Ottawa’s gifted student debate heats up

As schools move increasingly towards integrated classrooms, merging students with disabilities and non-special needs students together, where do gifted students fit in this dynamic?

Tbel Abuseridze
Do gifted students belong in congregated or integrated classrooms? An Ottawa public school board is in the middle of this heated debate. (Photo by Tbel Abuseridze)

As schools move increasingly towards integrated classrooms — merging students with disabilities and non-special needs students together — where do gifted students fit in this dynamic?

A group of parents in Ottawa believe there remains a need for separate classrooms for gifted students, who, in standard classrooms, may face bullying or have behaviour or mental health issues related to boredom or intellectual isolation.

While congregated classrooms exist for gifted students in the Ottawa-Carleton District School Board (OCDSB), currently these children are placed in regular classrooms first.

Through a process the board calls “tiered intervention”, students are first given additional support within regular classrooms and later moved into smaller, specialized classrooms if necessary.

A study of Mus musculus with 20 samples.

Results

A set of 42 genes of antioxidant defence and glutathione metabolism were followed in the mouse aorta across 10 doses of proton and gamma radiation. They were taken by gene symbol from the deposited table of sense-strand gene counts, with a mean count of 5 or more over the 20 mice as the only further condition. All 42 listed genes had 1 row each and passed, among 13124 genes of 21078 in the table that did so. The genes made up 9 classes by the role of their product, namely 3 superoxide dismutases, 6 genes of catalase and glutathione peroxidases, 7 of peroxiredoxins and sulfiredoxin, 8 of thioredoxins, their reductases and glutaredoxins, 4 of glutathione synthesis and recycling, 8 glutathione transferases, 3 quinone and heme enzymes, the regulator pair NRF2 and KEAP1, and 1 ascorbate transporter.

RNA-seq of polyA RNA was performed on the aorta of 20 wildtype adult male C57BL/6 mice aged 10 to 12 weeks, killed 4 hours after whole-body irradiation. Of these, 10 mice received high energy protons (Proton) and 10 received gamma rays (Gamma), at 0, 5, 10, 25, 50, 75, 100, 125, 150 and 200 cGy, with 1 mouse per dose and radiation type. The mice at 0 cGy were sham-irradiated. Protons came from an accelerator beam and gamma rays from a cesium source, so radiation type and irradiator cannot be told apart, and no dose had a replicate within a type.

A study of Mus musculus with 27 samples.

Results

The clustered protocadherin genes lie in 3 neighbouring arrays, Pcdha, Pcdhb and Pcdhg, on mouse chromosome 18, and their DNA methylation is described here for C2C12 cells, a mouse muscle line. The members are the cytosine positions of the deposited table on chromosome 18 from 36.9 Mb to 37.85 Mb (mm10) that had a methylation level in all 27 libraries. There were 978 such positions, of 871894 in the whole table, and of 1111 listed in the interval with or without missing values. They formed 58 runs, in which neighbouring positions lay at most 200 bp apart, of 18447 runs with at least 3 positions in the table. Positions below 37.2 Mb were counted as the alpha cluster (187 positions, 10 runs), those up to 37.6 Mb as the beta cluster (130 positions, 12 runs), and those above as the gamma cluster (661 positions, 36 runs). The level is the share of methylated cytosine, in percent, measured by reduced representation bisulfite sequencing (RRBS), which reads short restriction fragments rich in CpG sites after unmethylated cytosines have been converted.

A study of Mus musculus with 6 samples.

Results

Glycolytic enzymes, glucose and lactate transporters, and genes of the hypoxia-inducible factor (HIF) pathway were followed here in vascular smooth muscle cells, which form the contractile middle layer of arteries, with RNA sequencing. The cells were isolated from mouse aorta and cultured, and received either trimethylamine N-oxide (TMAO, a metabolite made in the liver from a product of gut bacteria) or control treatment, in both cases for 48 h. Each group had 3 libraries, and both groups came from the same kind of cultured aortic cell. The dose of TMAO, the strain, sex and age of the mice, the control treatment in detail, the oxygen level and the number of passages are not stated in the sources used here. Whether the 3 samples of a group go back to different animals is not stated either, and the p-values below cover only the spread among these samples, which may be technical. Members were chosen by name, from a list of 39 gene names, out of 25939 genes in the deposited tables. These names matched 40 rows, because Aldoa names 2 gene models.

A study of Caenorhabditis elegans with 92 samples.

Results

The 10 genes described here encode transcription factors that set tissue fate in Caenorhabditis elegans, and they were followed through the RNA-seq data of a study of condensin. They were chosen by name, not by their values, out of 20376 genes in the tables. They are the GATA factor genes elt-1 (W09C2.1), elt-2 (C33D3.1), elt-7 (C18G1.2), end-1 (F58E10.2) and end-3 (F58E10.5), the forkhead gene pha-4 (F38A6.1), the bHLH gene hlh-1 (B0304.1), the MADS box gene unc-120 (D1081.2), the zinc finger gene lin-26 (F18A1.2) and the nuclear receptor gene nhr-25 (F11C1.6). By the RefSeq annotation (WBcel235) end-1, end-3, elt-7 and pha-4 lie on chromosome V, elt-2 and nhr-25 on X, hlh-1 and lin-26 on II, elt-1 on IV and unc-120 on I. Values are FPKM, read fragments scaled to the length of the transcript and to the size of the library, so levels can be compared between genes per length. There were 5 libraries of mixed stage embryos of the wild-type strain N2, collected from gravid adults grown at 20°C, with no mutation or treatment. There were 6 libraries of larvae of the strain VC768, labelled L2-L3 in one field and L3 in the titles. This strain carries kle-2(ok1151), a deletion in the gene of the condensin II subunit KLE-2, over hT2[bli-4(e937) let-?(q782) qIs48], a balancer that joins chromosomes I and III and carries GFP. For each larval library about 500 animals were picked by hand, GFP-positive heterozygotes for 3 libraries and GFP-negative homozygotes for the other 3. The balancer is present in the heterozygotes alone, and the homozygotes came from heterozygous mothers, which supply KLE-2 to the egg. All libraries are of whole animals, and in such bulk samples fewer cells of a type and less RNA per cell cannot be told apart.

According to the Ottawa Citizen1, some parents with gifted children are claiming that the board is making it difficult for gifted students to tier into congregated classrooms.

In a memo provided to the OCDSB by the board’s director of education Jennifer Adams (PDF 431kb), there is a noticeable drop within the past four years in the number of identified gifted elementary students and those placed within congregated classrooms.2

Ottawa-Carleton District School Board
In 2013-2014, 692 OCDSB gifted elementary students were in congregated classrooms, and in the 2017-2018 school year, there were 416.

OCDSB trustee Christine Boothby is proposing a motion to remove the three-step tiering and allow parents to request that their gifted child be placed directly into congregated classrooms.

Board staff oppose the motion, arguing that gifted students should “not be given privileges not available to others.”1

Parents of gifted children attended a board committee session earlier in October 2018, and the Ottawa Citizen reported two example cases:

Father Ben Librande said his gifted son began kindergarten as a “capable, engaged and social student” but the regular classroom was “unable to meet his social and emotional needs.” The boy began experiencing anxiety and “challenging behaviours” that in Grade 1 earned him 10 exclusions and two suspensions from school.

A Grade 8 gifted student told trustees that he was bullied in the regular classroom by both fellow students and teachers who told him to stop reading and make friends with the students who hated him. He’s happy now in a congregated class where the teacher understands his educational needs, he said.1

The OCDSB are expected to vote on removing “tiering intervention” for gifted students Tuesday, October 30, 2018.